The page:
UTSA researcher says religious belief may have connection to obesity prevention


With seed money from the Robert Wood Johnson Foundation, Dr. He and her colleagues embarked on a pilot research project: "Building a Healthy Temple -- A Faith-Based Community Participatory Research Project for Preventing Childhood Obesity Among Latino Families." Over several months, they traveled to nine churches in greater San Antonio to elicit the attitudes and beliefs of Latino parishioners toward healthy eating and living.

After speaking with the members of five Catholic and four Protestant churches on the West Side of San Antonio, the researchers learned that Latino church leaders and members perceive a strong link between faith and health. The Latinos surveyed generally viewed life as a God-given gift, creating a responsibility for Christians to take an active role in their spiritual and physical well-being.

He's research identified several factors for a successful obesity prevention program such as:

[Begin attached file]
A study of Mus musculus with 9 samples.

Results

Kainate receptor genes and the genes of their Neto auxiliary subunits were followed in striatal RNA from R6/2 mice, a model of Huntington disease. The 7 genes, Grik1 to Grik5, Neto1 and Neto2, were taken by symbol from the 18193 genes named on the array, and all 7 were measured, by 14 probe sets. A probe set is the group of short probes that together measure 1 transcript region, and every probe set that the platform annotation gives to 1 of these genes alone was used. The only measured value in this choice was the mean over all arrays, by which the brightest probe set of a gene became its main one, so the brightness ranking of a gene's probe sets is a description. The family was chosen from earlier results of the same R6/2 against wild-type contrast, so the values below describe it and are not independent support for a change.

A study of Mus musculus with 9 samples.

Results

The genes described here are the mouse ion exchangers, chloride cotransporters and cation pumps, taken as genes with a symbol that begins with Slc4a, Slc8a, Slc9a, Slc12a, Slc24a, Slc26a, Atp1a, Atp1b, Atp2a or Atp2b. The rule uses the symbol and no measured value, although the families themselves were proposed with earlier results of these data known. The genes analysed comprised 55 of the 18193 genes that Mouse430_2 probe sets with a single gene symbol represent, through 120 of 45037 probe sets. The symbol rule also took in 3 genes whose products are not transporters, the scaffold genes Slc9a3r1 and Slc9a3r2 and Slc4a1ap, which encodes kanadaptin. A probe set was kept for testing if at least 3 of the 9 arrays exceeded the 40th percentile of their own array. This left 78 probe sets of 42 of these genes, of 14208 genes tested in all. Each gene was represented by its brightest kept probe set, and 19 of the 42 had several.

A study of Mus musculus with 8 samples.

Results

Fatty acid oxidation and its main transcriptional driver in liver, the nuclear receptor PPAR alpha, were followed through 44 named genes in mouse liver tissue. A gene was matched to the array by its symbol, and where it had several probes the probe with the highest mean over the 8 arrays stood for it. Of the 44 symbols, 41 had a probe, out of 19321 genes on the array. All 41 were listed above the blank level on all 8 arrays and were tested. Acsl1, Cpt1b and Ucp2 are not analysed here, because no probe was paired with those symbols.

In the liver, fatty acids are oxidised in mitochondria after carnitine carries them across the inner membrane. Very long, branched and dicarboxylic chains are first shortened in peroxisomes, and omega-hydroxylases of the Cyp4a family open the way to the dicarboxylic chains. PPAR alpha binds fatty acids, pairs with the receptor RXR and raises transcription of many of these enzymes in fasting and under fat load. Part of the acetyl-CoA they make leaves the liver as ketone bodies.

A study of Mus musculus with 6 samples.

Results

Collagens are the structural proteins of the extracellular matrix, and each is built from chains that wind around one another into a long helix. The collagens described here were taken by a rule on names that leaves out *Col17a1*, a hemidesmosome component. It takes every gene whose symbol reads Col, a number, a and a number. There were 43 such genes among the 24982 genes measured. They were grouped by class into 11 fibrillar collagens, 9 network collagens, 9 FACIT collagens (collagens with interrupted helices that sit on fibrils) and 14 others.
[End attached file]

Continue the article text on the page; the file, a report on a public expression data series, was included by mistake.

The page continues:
• Having clergy serve as role models
  • Free after-school or summer camps providing physical activities for parents and children
  • Healthy cooking classes
  • Changes in food at church and home

The research also uncovered a variety of challenges to healthy living such as:

  • Financial constraints
  • Lack of nutrition knowledge
  • Lack of access to sidewalks, parks and physical activity programs
  • Busy lifestyles
  • Cultural barriers such as unhealthy, traditional Latino foods

With a grant from the San Antonio Life Sciences Institute, a partnership between UTSA and the University of Texas Health Science Center at San Antonio (UTHSCSA), He and Deborah Parra-Medina, University of Texas Health Science Center at San Antonio professor of epidemiology and biostatistics, developed and pilot-tested comprehensive, culturally sensitive obesity prevention programs for faith-based organizations. Their curriculum spans religious sermons, Sunday school classes, social events and other church offerings.

The researchers plan to apply for funding from the National Institutes of Health to implement their program in more churches in San Antonio and beyond.